BU, ACC team up for Public History program
There’s a future in history, and a new Public History program will prepare students to take full advantage of that future by accessing the unique strengths of both Brandon University and Assiniboine Community College.
The new program is the first undergraduate program in Public History in Western Canada and gives students a total of four new options to earn a degree.
Two of these are new four-year majors from Brandon University, with two new 3-plus-1 options also available that combine three-year degrees from BU with a fourth year at ACC to develop media skills.
The new program formalizes a relationship that has been ongoing between BU and ACC for several years.
“Many of my students are very interested in telling the stories of the history they learn and we have worked closely with Assiniboine students to bring these historical stories to life,” BU associate professor of history Rhonda Hinther said. “The result has been rich and rewarding for students at both institutions as well as for the museums and archives that we have worked with.”
Students in the program will take general history and specific public history courses through BU. At Assiniboine, they will gain valuable practical experience, through the media arts programs, in public history production through film, television, website, and video game design and development.
“Today’s media environment offers an incredible number of options for students to pursue, from traditional broadcast storytelling to interactive on-demand and immersive experiences,” Assiniboine Interactive Media Arts instructor Graham Street said. “Through this partnership, we are able to combine hands-on technical skills with meaningful content.”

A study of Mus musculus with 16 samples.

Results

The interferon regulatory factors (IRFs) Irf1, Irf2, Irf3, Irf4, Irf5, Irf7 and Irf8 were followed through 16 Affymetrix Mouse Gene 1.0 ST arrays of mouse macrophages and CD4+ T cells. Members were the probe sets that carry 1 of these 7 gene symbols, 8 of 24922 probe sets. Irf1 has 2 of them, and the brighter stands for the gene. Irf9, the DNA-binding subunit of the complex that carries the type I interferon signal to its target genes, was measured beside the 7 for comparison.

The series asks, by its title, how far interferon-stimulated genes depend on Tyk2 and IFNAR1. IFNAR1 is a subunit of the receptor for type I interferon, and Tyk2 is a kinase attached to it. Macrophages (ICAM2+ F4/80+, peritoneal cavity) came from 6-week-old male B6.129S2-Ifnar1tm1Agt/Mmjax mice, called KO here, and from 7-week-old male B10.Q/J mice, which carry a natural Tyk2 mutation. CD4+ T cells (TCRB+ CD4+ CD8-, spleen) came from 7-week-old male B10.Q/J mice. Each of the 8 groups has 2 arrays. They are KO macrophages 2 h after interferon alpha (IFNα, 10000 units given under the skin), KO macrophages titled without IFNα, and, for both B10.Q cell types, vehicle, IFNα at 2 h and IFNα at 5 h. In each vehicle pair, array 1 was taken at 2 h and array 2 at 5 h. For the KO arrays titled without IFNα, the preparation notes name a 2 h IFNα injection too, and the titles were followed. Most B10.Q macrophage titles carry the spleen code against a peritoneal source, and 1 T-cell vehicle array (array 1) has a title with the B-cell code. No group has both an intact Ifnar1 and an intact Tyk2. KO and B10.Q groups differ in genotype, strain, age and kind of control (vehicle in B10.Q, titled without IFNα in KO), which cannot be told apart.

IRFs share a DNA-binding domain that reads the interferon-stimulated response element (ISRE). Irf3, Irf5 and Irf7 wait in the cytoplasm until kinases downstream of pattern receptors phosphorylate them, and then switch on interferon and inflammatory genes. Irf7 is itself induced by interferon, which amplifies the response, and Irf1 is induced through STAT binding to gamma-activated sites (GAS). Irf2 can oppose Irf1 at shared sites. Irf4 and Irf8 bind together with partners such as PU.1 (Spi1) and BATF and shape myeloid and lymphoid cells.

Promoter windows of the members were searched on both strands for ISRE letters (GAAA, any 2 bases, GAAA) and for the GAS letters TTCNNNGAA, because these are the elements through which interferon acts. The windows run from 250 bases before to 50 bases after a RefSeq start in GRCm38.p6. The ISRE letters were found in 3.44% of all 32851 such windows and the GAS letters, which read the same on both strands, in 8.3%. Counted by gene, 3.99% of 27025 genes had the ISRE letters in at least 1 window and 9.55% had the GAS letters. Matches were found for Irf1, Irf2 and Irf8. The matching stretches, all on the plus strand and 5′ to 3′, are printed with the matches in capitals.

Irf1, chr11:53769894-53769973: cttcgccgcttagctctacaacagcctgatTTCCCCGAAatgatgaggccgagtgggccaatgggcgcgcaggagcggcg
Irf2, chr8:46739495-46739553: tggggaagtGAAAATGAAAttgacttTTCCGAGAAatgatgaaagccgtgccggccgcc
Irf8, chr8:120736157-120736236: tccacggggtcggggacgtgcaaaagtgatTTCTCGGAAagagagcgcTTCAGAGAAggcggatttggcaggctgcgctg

While the program has only recently been approved, Hinther and Street have previously collaborated on joint student projects that have produced oral histories of Westman and television commercials for regional museums.
Those, as well as new and ongoing projects, will be featured on a new website to be launched this year.
Public history projects like these can help make academic theory and study of history more accessible to all members of the public. Graduates are also expected to play an important role in economic development — cultural institutions like museums, archives and heritage sites where graduates would be working play a critical economic and social role in Manitoba and everywhere and often serve as major draws for visitors to a community.
This new joint program helps demonstrate the deepening tradition of collaboration between Assiniboine and BU. In 2014 the institutions, along with the Province of Manitoba, signed Growing Together — Vision 20/20, a memorandum of understanding aimed at fostering collaboration between the two institutions to meet student, community and social needs.